5 Great Reasons Why You Need to Visit Vietnam

Steeped in culture and history, boasting layer upon layer of outstanding natural beauty, Vietnam is becoming an increasingly popular travel destination. From its world-famous cuisine to its ancient temples and scenic splendor, here are five can’t-miss highlights of this extraordinary country. 


As one of the oldest cultures in the whole of Southeast Asia, Vietnam has a long history that began with the Dong Son in around 600 BCE. 

The Dong Son were an ancient seafaring people who traveled and traded throughout Southeast Asia. They also cultivated the land, predominantly growing rice. Dong Son villages and cities spread across the deltas of the Ma, Ca, and Hong Rivers of North Vietnam. More than 70 sites believed to have been settled by the Dong Son were discovered across the region as of 2010. The Dong Son people are perhaps best known for creating massive ceremonial drums crafted from bronze and lavishly decorated with depictions of warriors and ritual scenes. 

As it developed, Vietnam was influenced by Chinese, Indian, and Khmer cultures, as well as French colonialism. With English speaking on the rise in the country, Vietnam has become more accessible to Western tourists; it saw 3.6 million international tourists in 2022 alone. 


The Vietnamese are passionate about food, and the national dish pho in particular; there is a fierce debate between the North and South over who makes the best version of the dish. 

Pho is a rice noodle soup that has captured the imagination of food lovers around the world. The delicious broth is made with chicken or beef bones, spices, velvety noodles, and tender cuts of meat. The dish is finished with refreshing herbs, crunchy bean sprouts, and slices of fiery chilis. 

Pho from Northern Vietnam typically incorporates wider ribbons of rice noodles, while the Southern version of the dish tends to be sweeter and bolder. In the North, chicken or simple minced rare beef are popular additions, with a strong focus on the broth itself. In the South, the emphasis is very much on the meat; they incorporate a variety of different cuts, including brisket, meatballs, bone marrow, fatty flank, and sliced rare beef. 

Other popular Vietnamese dishes include cha ca, a fish dish seasoned with garlic, turmeric, dill, and ginger; banh xeo, a crispy pork crepe dish; and goi cuon, translucent spring rolls filled with seafood or meat, herbs, and salad greens. 

Architecture and Archaeology 

Situated at a crossroads between multiple civilizations, each of which has left a mark on the land, Vietnam boasts a distinctive architectural style that prioritizes basic needs, such as safe shelter from the rain and sun, but it also focuses on creating a comfortable environment in which to relax after a long day’s work.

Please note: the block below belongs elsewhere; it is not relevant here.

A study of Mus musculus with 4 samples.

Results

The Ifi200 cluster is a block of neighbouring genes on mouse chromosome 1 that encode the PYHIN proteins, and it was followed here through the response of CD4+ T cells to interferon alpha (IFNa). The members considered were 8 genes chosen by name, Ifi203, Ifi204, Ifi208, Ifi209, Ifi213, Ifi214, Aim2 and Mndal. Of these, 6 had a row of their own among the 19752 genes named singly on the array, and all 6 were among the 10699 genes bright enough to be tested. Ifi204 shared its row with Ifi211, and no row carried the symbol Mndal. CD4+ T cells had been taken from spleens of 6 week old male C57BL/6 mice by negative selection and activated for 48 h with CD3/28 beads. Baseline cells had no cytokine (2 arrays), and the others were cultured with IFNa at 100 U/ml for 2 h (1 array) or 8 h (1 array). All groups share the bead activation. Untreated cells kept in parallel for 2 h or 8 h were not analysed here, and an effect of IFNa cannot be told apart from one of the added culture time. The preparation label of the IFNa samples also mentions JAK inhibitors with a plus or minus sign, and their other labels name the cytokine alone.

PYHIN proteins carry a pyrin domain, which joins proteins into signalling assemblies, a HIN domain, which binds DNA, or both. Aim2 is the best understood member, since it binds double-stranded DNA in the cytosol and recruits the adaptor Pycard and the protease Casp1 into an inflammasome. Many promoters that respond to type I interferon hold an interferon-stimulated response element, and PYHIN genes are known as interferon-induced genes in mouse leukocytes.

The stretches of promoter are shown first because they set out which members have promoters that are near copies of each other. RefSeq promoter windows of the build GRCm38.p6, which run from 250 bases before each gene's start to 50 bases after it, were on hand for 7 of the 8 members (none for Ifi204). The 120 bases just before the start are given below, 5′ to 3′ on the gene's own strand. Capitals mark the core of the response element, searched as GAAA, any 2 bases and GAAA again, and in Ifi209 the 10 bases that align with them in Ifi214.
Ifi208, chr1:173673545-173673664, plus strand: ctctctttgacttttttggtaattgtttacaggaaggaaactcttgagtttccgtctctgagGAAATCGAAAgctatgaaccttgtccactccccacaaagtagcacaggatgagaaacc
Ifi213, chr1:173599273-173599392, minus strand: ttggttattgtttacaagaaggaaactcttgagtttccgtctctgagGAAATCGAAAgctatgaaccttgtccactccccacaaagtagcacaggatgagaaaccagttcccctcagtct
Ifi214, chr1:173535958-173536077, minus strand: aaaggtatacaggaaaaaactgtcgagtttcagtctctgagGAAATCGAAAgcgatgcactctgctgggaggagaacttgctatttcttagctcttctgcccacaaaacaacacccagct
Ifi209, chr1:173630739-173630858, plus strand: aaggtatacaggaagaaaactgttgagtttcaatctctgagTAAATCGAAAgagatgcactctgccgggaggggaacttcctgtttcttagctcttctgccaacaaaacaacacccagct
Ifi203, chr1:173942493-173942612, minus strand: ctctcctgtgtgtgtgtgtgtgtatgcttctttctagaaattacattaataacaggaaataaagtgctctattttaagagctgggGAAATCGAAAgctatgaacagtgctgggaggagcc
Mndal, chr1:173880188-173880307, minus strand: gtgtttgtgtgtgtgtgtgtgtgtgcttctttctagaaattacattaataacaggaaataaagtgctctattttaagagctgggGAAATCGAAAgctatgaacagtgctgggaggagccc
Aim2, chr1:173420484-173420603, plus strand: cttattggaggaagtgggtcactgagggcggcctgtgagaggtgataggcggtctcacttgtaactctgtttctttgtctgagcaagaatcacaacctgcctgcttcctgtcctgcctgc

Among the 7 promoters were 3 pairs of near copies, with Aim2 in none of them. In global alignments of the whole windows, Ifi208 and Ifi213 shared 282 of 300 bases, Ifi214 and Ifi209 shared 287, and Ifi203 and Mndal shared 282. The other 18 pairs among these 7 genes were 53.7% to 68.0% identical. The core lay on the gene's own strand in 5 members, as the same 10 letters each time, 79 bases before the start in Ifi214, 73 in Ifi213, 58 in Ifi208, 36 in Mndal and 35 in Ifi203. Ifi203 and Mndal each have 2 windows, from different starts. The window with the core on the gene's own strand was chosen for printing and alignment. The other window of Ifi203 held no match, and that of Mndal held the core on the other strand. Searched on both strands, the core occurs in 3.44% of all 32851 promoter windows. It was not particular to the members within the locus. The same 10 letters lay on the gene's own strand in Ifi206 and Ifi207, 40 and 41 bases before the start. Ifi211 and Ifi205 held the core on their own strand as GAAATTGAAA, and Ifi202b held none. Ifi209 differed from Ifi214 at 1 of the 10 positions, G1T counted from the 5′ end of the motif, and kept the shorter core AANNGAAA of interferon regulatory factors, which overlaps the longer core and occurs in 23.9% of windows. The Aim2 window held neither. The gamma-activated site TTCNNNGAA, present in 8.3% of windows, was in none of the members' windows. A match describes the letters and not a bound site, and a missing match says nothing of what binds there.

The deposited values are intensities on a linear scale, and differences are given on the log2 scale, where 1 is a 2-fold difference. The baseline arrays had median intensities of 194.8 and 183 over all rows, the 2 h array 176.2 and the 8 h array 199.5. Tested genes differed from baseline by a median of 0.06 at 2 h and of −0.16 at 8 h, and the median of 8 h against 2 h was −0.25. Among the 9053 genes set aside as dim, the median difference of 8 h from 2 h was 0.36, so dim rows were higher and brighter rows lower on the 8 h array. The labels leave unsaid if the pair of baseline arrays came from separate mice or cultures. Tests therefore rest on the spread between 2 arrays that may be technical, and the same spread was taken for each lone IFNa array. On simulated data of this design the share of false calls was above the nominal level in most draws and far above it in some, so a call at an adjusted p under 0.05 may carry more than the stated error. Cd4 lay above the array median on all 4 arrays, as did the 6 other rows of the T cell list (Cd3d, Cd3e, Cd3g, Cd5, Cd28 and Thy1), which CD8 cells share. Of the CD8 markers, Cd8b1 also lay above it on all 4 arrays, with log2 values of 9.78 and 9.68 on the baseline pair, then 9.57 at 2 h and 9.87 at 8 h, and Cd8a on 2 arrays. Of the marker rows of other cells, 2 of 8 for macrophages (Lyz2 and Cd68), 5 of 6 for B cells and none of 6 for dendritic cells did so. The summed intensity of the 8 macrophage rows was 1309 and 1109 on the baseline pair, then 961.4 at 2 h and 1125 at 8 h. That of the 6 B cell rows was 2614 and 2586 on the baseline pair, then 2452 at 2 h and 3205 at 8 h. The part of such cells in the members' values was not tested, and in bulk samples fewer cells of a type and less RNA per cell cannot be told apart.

Stilt houses are representative of traditional Vietnamese architecture. These are constructed with materials like bamboo and wood, and their roofs are either curved up at each end like a boat or curved down like a turtle shell.  

Throughout the Ly Dynasty of the 11th century, the country’s architecture was deeply influenced by Buddhism and featured intricate motifs and reliefs. The monarch Ly Thai Tong constructed some 950 pagodas in the year 1031 alone. Later, French colonials left their mark all over the country, having colonized Vietnam for almost 70 years. 

Some of Vietnam’s most important historical sites include the Tomb of Khai Dinh, a structure that took more than a decade to build. It was an elaborate monument demonstrating the ancient ruler’s vast wealth. Meanwhile, the My Son sanctuary is one of the most extensive Cham ruins in the country. The ancient city served as a religious and political center of the kingdom of Champa for centuries.  

Finally, for those interested in Vietnam’s war history, the Cu Chi Tunnels are well worth a visit. Construction on this vast labyrinth of underground tunnels began during the French colonial period, with extensive expansion when the US escalated its military presence in the country. 

Natural Beauty 

Few countries come close to the geographical diversity of Vietnam.  

Famed for its steep limestone mountains, vast valleys, and lush green forests, Ba Be National Park is a haven for adventure seekers. It boasts waterfalls, lakes, and caves, as well as more than 550 species of flora and fauna. 

Meanwhile, the Hoang Lien Son mountain range, or “the Tonkinese Alps” as it is known, stretches for miles in a sea of craggy, high mountains, including Fansipan, Vietnam’s highest peak. 

Ban Gioc is one of the most beautiful and famous of all Vietnamese waterfalls. Fed by the Quay Son River, Ban Gioc separates Vietnam from China and is Asia’s largest waterfall, measuring 99 feet in height and more than 656 feet in width. 


Renowned for their hospitality, although proud of their hard-fought independence, the Vietnamese are keen to prosper in peace. With enduring optimism, the Vietnamese hold their elders in high regard. In Vietnam, the family unit is sacred. Its people practice Confucian family values, where experience is valued and young people are taught to practice good manners and humility.